The California Labor Commissioner’s office reported Monday that it sued Calcrete Construction Inc. for $6.3 million for wage theft violations and misclassification of 175 workers as independent contractors. The case was referred to the state by the Carpenters/Contractors Cooperation Committee, a union-affiliated nonprofit that advocates for compliance within the construction industry.

An investigation against Calcrete began last October. The Labor Commissioner’s office claims the Glendale, Calif.-based firm forced its workers to sign independent contractor contracts starting in August 2016 under threat of termination. It then used staffing firms Dominion Staffing and Southeast Personnel Leasing to pay the workers.

“It is illegal for employers to use subcontractors to distance themselves from their obligation to pay workers, and we will use every tool to dissuade employers from this scheme,” said Labor Commissioner Julie Su.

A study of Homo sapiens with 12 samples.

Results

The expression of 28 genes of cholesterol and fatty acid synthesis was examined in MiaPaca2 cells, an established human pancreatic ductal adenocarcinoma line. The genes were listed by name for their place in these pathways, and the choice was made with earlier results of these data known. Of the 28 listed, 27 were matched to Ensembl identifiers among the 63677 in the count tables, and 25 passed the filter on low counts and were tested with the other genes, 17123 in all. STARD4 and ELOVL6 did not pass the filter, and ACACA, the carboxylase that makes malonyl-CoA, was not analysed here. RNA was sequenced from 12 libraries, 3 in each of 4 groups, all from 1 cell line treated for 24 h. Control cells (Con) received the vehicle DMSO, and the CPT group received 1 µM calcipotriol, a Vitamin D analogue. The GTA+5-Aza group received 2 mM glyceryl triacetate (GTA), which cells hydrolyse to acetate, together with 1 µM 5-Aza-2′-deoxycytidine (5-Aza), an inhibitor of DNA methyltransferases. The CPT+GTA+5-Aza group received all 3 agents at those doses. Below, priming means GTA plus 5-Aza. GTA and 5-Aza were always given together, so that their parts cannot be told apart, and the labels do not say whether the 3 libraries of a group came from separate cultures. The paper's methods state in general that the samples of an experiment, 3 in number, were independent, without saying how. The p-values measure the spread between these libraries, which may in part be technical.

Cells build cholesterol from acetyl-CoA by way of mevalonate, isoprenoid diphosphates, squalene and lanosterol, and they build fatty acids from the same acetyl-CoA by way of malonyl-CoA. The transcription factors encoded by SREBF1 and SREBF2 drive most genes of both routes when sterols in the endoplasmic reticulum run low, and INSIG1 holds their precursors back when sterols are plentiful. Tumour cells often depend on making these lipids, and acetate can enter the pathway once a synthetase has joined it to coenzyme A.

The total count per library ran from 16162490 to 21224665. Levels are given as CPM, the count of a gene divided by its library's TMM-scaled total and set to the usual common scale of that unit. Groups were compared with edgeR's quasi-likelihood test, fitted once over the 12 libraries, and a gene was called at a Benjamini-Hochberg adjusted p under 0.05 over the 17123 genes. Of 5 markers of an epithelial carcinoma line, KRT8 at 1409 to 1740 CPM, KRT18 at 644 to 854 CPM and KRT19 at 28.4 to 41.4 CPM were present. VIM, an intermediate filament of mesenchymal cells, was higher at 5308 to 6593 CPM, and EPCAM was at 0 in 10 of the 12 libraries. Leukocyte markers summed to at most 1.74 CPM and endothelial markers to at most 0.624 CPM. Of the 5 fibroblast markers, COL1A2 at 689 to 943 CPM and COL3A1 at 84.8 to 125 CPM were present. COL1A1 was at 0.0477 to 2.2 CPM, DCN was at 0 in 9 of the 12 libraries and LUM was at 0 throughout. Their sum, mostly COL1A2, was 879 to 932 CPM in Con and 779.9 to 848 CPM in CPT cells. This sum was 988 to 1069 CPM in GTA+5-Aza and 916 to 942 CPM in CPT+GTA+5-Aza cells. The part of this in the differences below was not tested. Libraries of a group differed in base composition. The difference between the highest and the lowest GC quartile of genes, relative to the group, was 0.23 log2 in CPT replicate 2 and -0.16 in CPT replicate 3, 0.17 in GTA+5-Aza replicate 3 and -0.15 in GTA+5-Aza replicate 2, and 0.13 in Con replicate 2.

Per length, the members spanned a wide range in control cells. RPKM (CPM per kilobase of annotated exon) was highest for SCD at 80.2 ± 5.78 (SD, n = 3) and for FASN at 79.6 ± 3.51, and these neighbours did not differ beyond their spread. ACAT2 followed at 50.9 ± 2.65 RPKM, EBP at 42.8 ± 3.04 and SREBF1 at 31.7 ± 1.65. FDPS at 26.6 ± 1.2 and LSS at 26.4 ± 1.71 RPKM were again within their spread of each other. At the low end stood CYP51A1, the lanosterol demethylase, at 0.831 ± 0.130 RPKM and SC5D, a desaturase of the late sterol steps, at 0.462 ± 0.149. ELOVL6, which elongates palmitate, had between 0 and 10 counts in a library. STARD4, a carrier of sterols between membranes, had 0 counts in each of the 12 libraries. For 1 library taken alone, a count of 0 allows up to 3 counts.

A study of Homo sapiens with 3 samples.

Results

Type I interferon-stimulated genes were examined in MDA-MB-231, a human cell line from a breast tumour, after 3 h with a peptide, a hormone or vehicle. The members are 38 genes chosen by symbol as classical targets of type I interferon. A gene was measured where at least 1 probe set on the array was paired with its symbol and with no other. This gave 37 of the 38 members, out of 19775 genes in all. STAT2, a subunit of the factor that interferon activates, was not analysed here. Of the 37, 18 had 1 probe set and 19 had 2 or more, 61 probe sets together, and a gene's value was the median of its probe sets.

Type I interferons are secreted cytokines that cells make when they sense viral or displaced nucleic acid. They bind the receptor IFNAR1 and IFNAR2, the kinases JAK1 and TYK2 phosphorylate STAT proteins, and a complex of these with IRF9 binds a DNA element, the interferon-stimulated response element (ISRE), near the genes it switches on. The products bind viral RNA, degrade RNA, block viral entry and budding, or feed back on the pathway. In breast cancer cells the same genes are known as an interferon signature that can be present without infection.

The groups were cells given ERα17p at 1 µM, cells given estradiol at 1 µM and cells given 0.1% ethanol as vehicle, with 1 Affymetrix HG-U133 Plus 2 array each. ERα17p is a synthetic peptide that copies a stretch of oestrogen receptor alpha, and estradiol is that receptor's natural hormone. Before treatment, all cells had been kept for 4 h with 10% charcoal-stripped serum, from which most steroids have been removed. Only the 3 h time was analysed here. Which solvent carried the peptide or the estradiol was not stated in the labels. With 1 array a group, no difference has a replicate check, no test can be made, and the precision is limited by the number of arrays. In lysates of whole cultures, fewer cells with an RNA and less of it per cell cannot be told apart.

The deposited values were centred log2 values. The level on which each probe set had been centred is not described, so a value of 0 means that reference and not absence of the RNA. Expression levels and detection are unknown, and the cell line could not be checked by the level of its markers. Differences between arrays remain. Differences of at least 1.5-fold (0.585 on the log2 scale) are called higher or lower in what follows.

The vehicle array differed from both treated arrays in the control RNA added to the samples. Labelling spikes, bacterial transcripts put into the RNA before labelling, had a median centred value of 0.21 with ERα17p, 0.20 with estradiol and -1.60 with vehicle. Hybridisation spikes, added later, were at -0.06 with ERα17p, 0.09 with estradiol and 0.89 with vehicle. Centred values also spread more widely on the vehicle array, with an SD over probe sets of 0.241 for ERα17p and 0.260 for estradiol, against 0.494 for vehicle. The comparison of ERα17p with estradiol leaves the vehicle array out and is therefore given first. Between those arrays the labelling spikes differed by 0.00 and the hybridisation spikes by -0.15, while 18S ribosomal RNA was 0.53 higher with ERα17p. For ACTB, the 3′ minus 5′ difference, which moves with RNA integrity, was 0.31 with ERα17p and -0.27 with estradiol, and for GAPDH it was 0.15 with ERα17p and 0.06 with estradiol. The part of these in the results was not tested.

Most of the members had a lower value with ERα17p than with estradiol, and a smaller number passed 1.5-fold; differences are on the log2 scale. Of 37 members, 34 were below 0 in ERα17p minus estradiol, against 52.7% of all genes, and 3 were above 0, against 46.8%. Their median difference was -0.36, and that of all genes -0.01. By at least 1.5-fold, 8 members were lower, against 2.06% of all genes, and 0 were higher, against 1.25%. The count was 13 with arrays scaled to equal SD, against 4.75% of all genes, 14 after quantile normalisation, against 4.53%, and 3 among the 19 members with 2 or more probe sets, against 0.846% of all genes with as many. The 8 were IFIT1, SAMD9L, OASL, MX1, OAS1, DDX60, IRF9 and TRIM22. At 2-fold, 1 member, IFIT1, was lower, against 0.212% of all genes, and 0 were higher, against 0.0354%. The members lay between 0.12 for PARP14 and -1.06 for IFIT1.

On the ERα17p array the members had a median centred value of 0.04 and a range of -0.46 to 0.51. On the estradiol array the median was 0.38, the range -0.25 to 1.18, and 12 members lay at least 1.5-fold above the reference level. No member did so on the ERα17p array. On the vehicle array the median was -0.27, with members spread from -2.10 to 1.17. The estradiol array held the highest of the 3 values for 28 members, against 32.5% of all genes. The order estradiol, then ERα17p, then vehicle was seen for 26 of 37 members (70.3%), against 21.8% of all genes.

California estimates it loses $7 billion each year in payroll tax revenue because of worker misclassification.

In the Calcrete case, the state is seeking:

  • Wages and damages of approximately $2,596,438 payable to workers:
    • $325,000 in overtime wages
    • $1,244,438 in waiting time penalties
    • More than $1 million for unpaid sick leave and liquidated damages with the amount to be determined at trial.
  • Penalties of approximately $3,703,900 payable to the state:
    • $2,625,000 in statutory penalties for willful misclassification
    • $78,900 in civil penalties
    • More than $1 million for failure to provide proper wage statements with the amount to be determined at trial.

The Labor Commissioner’s Office reported the workers typically worked 10 to 12 hours Monday through Friday and eight hours on Saturday but were paid only their regular hourly rate and not for the 18 to 28 hours of overtime they regularly worked.